Flight Evaluation Board

Flight Evaluation Board

January 4, 2021

A flight evaluation board, or flying evaluation board, is governed by AR 600-105, available at this link.  This article is meant as a general overview.

Essentially, a flight evaluation board is a Commander's tool to determine if an Officer should be terminated from aviation duties.  A board MAY be appointed if any officer:

  • Fails to remain professionally qualified
  • Has marginal potential for continued aviation service
  • Is currently non-medically disqualified for aviation service and meets the provisions for requalification

A flight evaluation board WILL be appointed if there is evidence that shows any officer:

  • Lacks proficiency in flying duties
  • Fails to meet ATP requirements, unless waived (see AR 95-1)

Officers who are found to have flagrantly violated flying regulations may be forced to undergo a flight evaluation board for potentially lacking proficiency in flying duties.  Furthermore, the following traits are specifically referenced in the regulation as reasons to convene a flight evaluation board: alcohol abuse, illegal use of controlled substances, incarceration, or willful concealment of disqualifying medical history.

The regulation also contains a catch all, allowing a flight evaluation board to be convened for "insufficient motivation." This could include refusing to fly a specific aircraft, refusing to fly certain missions, fear of flying not because of psychiatric illness, or other "self-imposed" deficiencies.  Commanders are actually required to suspend the Officer and refer them to a flying duty medical examination in any of these situations.

A flight evaluation board can be appointed by the Special Court-Martial Convening Authority (typically the Brigade Commander).  A board's report is approved or disapproved by the General Court-Martial Convening Authority.  A board will consist of an uneven number of members (no fewer than 3), who are rated officers (CW2 or higher). If the Officer facing the board is a flight surgeon, the board is required to have a flight surgeon on it.  Furthermore, if the Officer facing the board is a Warrant Officer, a more senior Warrant Officer at or above the rank of CW4 must be on the board.

A board's proceedings are governed by AR 15-6.  Any Officer facing a flight evaluation board is entitled to have a lawyer, Civilian or Military, present.  Said lawyer is able to argue to the board, present evidence, and cross-examine witnesses.  After a full proceeding, the Board can only make the following recommendations:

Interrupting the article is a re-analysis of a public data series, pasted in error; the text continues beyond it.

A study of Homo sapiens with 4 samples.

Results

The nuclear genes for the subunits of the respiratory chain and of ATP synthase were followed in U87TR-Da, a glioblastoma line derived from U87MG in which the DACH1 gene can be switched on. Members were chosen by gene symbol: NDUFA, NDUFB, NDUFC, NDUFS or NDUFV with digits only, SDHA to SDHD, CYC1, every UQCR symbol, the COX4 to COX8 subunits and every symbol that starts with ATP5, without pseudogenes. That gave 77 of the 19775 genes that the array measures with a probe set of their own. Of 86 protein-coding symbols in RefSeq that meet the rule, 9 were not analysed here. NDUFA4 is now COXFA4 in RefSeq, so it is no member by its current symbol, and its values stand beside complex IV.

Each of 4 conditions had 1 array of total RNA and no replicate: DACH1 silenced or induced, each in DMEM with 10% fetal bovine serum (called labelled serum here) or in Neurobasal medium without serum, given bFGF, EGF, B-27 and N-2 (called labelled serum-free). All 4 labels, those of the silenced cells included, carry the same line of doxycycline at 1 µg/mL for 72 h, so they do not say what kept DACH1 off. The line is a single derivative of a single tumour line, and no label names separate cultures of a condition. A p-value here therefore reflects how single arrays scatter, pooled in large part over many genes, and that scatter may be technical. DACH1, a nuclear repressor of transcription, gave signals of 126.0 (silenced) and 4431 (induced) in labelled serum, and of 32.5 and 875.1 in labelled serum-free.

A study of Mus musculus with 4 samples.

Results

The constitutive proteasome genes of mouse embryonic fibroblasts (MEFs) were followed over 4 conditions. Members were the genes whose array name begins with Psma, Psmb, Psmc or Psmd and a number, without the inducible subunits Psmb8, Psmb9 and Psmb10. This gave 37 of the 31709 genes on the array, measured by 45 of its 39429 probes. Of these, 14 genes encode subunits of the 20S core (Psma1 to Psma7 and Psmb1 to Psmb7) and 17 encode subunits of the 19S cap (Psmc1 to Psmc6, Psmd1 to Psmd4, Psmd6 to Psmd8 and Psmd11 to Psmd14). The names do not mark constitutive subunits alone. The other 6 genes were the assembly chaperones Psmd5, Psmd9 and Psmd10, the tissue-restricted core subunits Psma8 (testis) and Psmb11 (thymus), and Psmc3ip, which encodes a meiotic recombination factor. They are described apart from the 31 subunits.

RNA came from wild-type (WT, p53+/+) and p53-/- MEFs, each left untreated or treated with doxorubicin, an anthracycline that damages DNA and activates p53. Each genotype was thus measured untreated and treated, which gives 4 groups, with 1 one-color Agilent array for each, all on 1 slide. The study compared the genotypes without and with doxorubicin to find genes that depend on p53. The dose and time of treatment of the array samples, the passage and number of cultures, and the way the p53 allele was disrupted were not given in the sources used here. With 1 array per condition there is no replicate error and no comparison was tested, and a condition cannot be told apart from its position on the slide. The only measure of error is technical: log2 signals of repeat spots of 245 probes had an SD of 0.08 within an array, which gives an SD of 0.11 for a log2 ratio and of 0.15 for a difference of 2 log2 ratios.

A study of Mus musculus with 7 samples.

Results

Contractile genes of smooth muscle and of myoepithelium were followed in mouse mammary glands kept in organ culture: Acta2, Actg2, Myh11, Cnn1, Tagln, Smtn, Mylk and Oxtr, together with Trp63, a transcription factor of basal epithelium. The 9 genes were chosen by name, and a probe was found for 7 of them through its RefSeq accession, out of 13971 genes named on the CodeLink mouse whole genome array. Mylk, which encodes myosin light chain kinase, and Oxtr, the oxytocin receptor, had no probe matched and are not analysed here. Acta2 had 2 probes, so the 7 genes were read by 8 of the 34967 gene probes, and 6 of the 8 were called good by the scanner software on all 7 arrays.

• Officers with proper training and skills be awarded an aeronautical rating
  • Orders suspending the respondent from flying be rescinded and the respondent be returned to aviation service
  • Orders disqualifying the respondent be rescinded and the responded be re-qualified for aviation service
  • Respondent's aviation service be terminated
  • Respondent's aviation service and their aeronautical ratings be terminated
  • Respondent's aviation service be permanently terminated
  • Respondent's aviation service and their aeronautical ratings be permanently terminated

Boards should typically not recommend that aviation service be terminated based on an isolated incident; however, if an Officer's conduct clearly shows a dangerous or an unacceptable change in pattern of performance, termination should be recommended.

After a flight evaluation board convenes, if the appointing authority believes that termination is proper, the General Court-Martial Authority takes final action.  The appointing authority can take final action without the General's involvement, if that action is to restore an Officer's aviation service.

An Officer can appeal any decision based on "additional evidence" or "new unexpected circumstances." Appeals are sent through the chain of Command to either the ACOM, ASCC, or DRU; if an Officer does not have one of these assigned, appeals are sent to CDR, HRC or CNGB.  Once an appeal is decided, a decision cannot be appealed any further.

After an Officer is terminated (not permanently), he/she can seek requalification and restoration of aviation service if the original reason for the disqualification and the current circumstances warrant reconsideration.  If requested by an Officer and approved by the Special Court-Martial Convening Authority, a flight evaluation board will convene to review any such request.  All such requests are sent through the Officer's chain of Command.

Any Officer facing a flight evaluation board, or flying evaluation board, has a lot to lose.  Legal representation at any board, or for a subsequent appeal/requalification request, is recommended.

This article was written by Attorney Matthew Barry.

Contact The Law Office of Matthew Barry today for a free consultation.